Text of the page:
U.S. Election 2020 – Don’t Let COVID-19 Misinformation Suppress Your Vote
In the early days of the COVID-19 pandemic, another pandemic of sorts took root—this one an “infodemic.” Whether designed to mislead, instill fear, capitalize on crank remedies, or push phony cures that caused harm or worse, millions of outright false stories about COVID-19 proliferated across the internet. And continue to do so.
Now, with our upcoming election in the U.S., there’s concern that this infodemic of misinformation about COVID-19 will keep people away from the polls or from working at them. Particularly elders.
With this blog, my aim is to point you toward trustworthy resources online that can help you get your vote cast and counted safely.
COVID-19 misinformation is on the rise
First, a word about COVID-19 misinformation in general.
Since the initial outbreak, we’ve monitored online threats and scams related to COVID-19. As shown in our July 2020 Threat Report, the first three months saw the number of malicious and scam websites related to COVID-19 jump from 1,600 to more than 39,000, along with a wave of spam emails and posts that peddled bogus sites for protective gear, masks, and cures. Now, in mid-September, our threat detection team has uncovered three million online threats related to COVID-19 and counting. (See the daily tally here for the latest figures.)
Elsewhere, global and national public health officials have worked diligently to counter these waves of misinformation, such as the World Health Organization’s COVID-19 “mythbuster” site, in addition to further mythbusting from major news outlets around the world and yet more mythbusting from respected science publications. However, instances of misinformation, both big and small, persist and can lead to negative health consequences for those who buy into such misinformation.
Resources for voting safely
Whether you’ll vote in person or by mail, these links provide a mix of trustworthy information about voting and the latest verified information about the virus:
- vote.org COVID-19 Page: This is a one-stop site that provides voting resources and information on a state-by-state basis. Here you’ll find the official voter information for your state, links to your state’s election website, and the means to request an absentee or mail-in ballot (as allowed) by your state.
- The U.S. Center for Disease Control and Prevention’s COVID-19 Site: The focus of this site is how to protect yourself and others and includes the latest information on how COVID-19 spreads, how to select and use a mask, how to practice effective social distancing, and more. The site also covers activities and going out, which are applicable to voters heading to the polls.
- The World Health Organization COVID-19 Site: This site offers further advice and resources for preventing the spread of COVID-19, along with staying well both physically and mentally.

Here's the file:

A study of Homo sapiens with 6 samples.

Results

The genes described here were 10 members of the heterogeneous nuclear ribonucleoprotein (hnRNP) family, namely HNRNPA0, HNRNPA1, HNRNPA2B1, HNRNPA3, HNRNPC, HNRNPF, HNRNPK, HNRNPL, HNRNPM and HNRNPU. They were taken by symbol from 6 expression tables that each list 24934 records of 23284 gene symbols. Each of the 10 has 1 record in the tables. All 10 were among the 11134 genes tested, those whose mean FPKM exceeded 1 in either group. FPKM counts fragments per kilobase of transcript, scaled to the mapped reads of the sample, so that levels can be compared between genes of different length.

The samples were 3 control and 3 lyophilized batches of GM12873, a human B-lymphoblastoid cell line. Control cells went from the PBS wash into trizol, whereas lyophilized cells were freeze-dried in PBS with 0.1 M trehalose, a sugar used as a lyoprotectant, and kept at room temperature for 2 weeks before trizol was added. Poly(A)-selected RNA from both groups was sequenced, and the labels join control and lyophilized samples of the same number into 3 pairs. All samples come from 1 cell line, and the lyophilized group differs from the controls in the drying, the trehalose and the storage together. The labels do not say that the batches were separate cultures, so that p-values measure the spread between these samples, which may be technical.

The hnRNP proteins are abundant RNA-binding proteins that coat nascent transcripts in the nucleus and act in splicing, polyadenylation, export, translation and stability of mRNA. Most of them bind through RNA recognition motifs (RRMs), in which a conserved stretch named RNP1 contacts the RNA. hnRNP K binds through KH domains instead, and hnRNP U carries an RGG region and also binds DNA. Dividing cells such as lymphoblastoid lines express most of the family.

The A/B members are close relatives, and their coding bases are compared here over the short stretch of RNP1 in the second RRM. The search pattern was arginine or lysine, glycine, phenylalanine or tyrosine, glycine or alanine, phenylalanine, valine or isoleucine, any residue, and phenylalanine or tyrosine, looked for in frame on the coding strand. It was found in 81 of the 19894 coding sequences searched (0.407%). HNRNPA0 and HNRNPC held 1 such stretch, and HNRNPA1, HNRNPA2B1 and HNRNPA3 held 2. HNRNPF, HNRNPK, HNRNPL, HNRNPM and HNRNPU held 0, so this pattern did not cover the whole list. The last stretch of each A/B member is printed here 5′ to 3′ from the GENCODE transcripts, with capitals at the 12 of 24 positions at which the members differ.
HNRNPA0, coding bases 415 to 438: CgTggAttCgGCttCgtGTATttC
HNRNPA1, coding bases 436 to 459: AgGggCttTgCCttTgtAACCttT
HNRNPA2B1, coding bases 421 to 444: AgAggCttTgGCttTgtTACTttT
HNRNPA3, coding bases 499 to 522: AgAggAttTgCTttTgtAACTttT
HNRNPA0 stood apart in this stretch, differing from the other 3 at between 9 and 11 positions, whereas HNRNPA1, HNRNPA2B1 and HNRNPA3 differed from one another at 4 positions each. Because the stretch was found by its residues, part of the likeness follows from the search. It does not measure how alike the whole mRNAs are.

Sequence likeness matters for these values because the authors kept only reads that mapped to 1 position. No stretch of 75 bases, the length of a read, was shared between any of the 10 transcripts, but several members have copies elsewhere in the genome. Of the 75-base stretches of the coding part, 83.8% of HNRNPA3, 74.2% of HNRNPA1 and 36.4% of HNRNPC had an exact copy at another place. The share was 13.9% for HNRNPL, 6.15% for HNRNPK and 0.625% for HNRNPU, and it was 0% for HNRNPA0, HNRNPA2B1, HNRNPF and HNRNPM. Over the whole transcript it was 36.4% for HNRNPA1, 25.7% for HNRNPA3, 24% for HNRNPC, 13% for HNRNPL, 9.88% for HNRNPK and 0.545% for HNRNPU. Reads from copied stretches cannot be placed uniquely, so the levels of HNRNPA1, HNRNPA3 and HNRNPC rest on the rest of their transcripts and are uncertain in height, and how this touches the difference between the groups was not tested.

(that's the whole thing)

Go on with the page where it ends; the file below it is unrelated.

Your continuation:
- Verified by the United Nations: Verified is a daily or weekly briefing that you can sign up for through the U.N., which contains “content you can trust: life-saving information, fact-based advice, and stories from the best of humanity.”
Be aware that our collective understanding of COVID-19 continues to evolve. The pandemic isn’t even a year old at this time, and new research continues to reveal more about its nature. Be sure to check with these resources along with your local public health resources for the latest on the virus and how to stay safe.
How to Vote by Mail in All 50 States
If you’re considering voting by mail, the following is for you. Published by U.S. News and World Report, this article breaks down how you can vote by mail in your state. While all 50 states allow for mail-in voting in some form or fashion, specifics vary, and some states make it easier to do than others. (For example, a handful of states like Texas, Indiana, and Louisiana currently do not allow COVID-19 concerns as a valid reason for requesting a mail-in ballot.)
Note that this article was published at the end of August, so be sure to follow the links for your state as published in the article for the absolute latest information. Yet don’t wait to look into your absentee or mail-in options. As noted above, each state has its terms and deadlines, so it’s best to review your options now.
Meanwhile, five states— Colorado, Hawaii, Oregon, Washington state, and Utah already conduct their elections entirely by mail. Such practices have proven to be successful alternatives to voting in person, they have slightly increased voter turnout while minimizing the risks of voter fraud.
Follow trusted resources and vote safely this year
Get your vote out safely. Whether it’s by visiting the polls following the safety guidelines or by way of mail as also allowed by your state, it can be done—particularly when you have trusted information sources at hand.